Memphis and its Necropolis - Egypt’s World Heritage site

Baku, March 19, AZERTAC

Memphis, near the modern village of Mit Rahina not far from Cairo, the capital of Egypt, and its necropolis were added to UNESCO’s World Heritage List in 1979.

The capital of the Old Kingdom of Egypt has some extraordinary funerary monuments, including rock tombs, ornate mastabas, temples and pyramids.

In ancient times, the site was considered one of the Seven Wonders of the World.

Said to have been founded by the legendary first king of Egypt Menes in 3100 BC, the ancient city of Memphis was the capital during the Early Dynastic Period (c.3100–2686 BC) and Old Kingdom (c.2686–2181 BC), and continued to be one of the most important cities throughout more than three-thousand years of ancient Egyptian history.

It was a center for the worship of the god Ptah, whose temple was one of the most important places in all of ancient Egypt. It was so important, that the origin of the word “Egypt”, from Greek Aigyptos, comes from the temple’s ancient name, Hikuptah “The Temple of the ka (‘soul’) of Ptah.

The city’s longevity is reflected in the sheer size and number of the many ancient cemeteries in its area. These include, from north to south, Abu Rawash; the Giza Plateau, the site of the three world-famous Pyramids of Giza; Zawyet al-‘Aryan; Abu Ghurab; Abusir; Saqqara; Mit Rahina; and Dahshur.

Being the seat of royal power for over eight dynasties, the city also contained palaces and ruins survive of the palace of Apries overlooking the city. The palaces and temples were surrounded by craftsmen’s workshops, dockyards and arsenals, as well as residential neighbourhoods, traces of which survive.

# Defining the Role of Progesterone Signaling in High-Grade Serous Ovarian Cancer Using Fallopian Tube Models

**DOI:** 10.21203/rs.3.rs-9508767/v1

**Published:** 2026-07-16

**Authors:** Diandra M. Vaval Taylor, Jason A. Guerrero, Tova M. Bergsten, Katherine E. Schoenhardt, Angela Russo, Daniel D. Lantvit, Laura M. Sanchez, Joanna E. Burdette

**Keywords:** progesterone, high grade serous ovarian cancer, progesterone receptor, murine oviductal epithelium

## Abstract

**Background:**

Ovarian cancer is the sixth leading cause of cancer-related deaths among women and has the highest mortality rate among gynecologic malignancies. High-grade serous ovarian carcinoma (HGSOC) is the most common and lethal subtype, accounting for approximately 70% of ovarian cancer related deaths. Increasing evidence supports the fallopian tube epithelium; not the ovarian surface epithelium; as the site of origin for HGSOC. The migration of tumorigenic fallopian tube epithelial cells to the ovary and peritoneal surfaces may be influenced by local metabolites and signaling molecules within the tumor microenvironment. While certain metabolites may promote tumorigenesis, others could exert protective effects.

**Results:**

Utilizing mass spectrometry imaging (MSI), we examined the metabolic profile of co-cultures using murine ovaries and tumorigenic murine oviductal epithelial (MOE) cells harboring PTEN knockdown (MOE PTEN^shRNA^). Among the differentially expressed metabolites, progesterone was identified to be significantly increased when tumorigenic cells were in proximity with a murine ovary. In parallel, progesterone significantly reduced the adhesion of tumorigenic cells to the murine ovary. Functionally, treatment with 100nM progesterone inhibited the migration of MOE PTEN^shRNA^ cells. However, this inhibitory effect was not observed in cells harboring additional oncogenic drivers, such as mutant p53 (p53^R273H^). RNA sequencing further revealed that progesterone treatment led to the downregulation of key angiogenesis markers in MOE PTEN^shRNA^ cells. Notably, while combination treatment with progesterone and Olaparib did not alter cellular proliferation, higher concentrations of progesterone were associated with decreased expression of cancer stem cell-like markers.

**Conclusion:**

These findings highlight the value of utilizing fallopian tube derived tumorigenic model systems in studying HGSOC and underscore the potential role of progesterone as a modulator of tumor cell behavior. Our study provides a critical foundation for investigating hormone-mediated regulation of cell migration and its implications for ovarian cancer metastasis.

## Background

The Necropolis of Memphis, to the north and south of the capital, extends southwards from the Giza plateau, through Zawyet Elarian, Abu Ghurab, Abusir, Mit Rahina and Saqqara, and northwards as far as Dahshur.

It contains the first complex monumental stone buildings in Egyptian history, as well as evidence of the development of the royal tombs from the early shape called "mastaba" until it reaches the pyramid shape.

More than thirty-eight pyramids include the three pyramids of Giza, of which the Great Pyramid of Khufu is the only surviving wonder of the ancient world and one of the most important monuments in the history of humankind, the pyramids of Abusir, Saqqara and Dahshur and the Great Sphinx.

Besides these monumental creations, there are more than nine thousand rock-cut tombs, from different historic periods, ranging from the First to the Thirtieth Dynasty, and extending to the Graeco-Roman Period.

The property also includes the remains of many smaller temples and settlements, which are invaluable for understanding ancient Egyptian life in this area.